Page 544 - WSAVA2018
B.D. Wright1
1Veterinary Anesthesiologist — Integrative Pain Management Specialist,
NMDA Antagonists: Ketamine and Tiletamine (telazol: Dissociative plus benzodiazapine)
NMDA antagonism- receptor associated with learning, memory and neuroplasticity.
As an anesthetic drug, some areas of the CNS are depressed (neocorticothalamic) while others are stimulated (limbic). This gives it variable effects in disease states of the brain.
Increased muscle tone Spontaneous movement
Open eyelids with a brisk palpebral Excessive salivation
Seizurogenic (in some types of epilepsy- protective in
· Clinical signs of anesthesia are much different than anesthetics that act as depressants.
· The typical gradations of surgical anesthesia are non-existent with ketamine as a single anesthetic (plane 1-4). If the patient is overtly moving during surgery, it is too light, if apneic or convulsing, it is too deep, otherwise, anesthesia is probably adequate (thus it is not used alone, much). It is also not directly analgesic (anti-hyperalgesic), so is not recommended as a sole anesthetic drug.
Metabolism: Liver biotransformation, forming partially active metabolite nor-ketamine, which undergoes conjugation prior to renal excretion. Conjugation is limited in cats which are therefore more dependent on renal excretion of nor-ketamine for recovery.
Systemic effects
CNS: Seizurogenic: commonly use adjunctive drugs, do not use in patients susceptible to seizures (epileptics, myelograms, cranial trauma) Increases cerebral blood flow (CBF), oxygen requirement, and intracranial pressure. Caution with use as an induction drug with CNS disease. HOWEVER, as knowledge about the neuro-protective effects of NMDA antagonists has grown, it has become commonplace to use ketamine as a CRI (at analgesic and mildly supra-analgesic doses) for craniotomy, TBI, spinal cord injuries, and other injuries to nervous system tissues.
Revising a Dogma: Ketamine for Patients with Neurological Injury? Sabine Himmelseher, MD*, and Marcel E. Durieux, MD, PhD (Anesth Analg 2005;101:524–
Analgesia: ketamine is a potent anti-hyperalgesic at sub-anesthetic dosages. It also acts as an inhibitor of amplification of pain via the NMDA receptor, and inhibitor of neuro-inflammation and glial. Ketamine is a poor direct analgesic, especially for visceral sources of pain.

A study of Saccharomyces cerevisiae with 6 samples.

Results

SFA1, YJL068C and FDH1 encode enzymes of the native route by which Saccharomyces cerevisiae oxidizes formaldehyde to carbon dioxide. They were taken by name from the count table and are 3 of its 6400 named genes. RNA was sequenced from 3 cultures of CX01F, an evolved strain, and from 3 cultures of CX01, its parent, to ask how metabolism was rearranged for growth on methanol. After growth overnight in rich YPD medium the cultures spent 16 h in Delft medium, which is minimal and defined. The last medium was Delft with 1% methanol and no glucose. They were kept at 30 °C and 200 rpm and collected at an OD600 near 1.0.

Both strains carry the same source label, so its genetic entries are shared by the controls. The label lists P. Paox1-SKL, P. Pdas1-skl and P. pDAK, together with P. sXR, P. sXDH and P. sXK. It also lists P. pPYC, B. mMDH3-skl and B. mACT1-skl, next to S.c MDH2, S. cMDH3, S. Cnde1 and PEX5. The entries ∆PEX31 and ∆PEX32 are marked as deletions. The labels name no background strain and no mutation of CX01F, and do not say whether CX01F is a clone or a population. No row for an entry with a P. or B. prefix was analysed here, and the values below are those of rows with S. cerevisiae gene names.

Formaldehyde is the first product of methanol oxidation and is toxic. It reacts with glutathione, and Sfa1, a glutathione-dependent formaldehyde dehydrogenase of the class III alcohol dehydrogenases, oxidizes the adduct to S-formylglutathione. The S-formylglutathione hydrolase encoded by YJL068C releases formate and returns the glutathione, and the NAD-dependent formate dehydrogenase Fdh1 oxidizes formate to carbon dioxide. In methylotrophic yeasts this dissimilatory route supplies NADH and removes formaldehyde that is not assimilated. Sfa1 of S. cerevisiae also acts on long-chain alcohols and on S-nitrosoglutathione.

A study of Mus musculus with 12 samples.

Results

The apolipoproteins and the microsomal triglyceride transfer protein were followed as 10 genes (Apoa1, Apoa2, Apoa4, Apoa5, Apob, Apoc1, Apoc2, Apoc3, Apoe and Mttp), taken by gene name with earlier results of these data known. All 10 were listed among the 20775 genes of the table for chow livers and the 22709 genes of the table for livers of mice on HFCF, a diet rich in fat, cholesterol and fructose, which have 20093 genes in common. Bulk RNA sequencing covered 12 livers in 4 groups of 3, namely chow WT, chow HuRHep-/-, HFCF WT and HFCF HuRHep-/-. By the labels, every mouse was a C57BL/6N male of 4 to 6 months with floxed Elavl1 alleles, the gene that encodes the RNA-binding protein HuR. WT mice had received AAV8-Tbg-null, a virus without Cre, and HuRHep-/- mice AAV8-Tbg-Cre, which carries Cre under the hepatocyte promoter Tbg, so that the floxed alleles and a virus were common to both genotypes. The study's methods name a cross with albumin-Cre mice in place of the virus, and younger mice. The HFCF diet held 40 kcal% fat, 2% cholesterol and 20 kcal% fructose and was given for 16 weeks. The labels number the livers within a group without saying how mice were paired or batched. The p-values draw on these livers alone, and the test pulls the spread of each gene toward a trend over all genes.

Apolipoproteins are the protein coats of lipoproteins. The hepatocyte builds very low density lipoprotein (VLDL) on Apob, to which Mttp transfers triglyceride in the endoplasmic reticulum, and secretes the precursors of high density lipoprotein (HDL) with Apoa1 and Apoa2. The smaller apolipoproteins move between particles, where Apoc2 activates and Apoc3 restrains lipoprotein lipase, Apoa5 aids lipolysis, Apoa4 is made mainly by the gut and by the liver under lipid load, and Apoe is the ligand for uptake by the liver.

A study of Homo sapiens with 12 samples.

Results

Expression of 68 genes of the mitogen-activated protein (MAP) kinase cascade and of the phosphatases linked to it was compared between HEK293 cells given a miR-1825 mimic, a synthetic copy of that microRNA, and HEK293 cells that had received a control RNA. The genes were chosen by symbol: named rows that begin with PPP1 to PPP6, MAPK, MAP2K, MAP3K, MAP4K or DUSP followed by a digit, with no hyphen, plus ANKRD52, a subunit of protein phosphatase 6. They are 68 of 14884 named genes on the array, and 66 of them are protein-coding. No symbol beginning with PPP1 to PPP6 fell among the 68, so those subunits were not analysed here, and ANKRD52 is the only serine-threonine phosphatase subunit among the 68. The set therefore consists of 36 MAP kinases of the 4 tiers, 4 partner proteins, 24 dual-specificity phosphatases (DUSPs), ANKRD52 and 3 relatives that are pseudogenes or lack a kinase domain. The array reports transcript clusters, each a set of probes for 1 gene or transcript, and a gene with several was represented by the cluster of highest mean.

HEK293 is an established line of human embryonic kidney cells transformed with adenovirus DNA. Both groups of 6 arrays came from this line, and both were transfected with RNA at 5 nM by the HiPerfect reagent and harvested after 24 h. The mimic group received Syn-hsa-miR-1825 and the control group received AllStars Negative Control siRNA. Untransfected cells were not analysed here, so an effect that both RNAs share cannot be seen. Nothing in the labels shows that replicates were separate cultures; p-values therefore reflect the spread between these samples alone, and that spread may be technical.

Cardiovascular: Increased heart rate, blood pressure and cardiac output: centrally mediated (sympathetic tone). The DIRECT effect of ketamine on the myocardium is depression. Thus, these increases are NOT seen with pre-existing tachycardia, sympathetic overload, severe sickness, or denervated heart. When stimulation is
seen, there will be increased left ventricular work, with increased oxygen requirement. Therefore, beware if oxygenation or myocardial bloodflow are compromised, or in heart conditions where myocardial hypoxia is likely (HCM)
Respiratory: mild respiratory depressant at clinical doses. Apneustic pattern is common. Laryngeal functionis maintained to a degree: patients may still swallow,
so there may be some retention of function, but the coordination is impaired and aspiration is usually not prevented.
Temperature: ketamine alone raises body temperature, due to mm rigidity (but ketamine is seldom used alone). As a component of general anesthesia, ketamine will not guard against environmental hypothermia.
Regulatory Update: Human abuse potential has
created strong international pressure (China) to increase regulatory control. The commission on narcotic drugs elected NOT to upgrade the regulation of ketamine
to schedule 1 in 2015, but there is still international debate. For more information see the fact sheet that was endorsed by a large number of human and veterinary organizations (in which the WSAVA played an extremely active role) regarding this issue: media/sites/gho/ketamine-fact-sheet-2015
Important consideration, however, is the human abuse potential of opioids, and the opioid sparing, addiction- mitigating effects of NMDA antagonist drugs.
Le Cornec, Lariby Brenckmann, et al. Is intravenously administered, subdissociative-dose KETAmine non- inferior to MORPHine for prehospital analgesia (the KETAMORPH study): study protocol for a randomized controlled trial Trials. 2018 May 2;19(1):260. doi: 10.1186/s13063-018-2634-3.
Usage update: Ketamine has uses that bridge: anesthetic (inexpensive and widely available in first through third-world countries), amnesiac, cardiovascular sparing in intensive care, cerebro-protective, anti-glial activation, neuropathic pain and depression suppressing.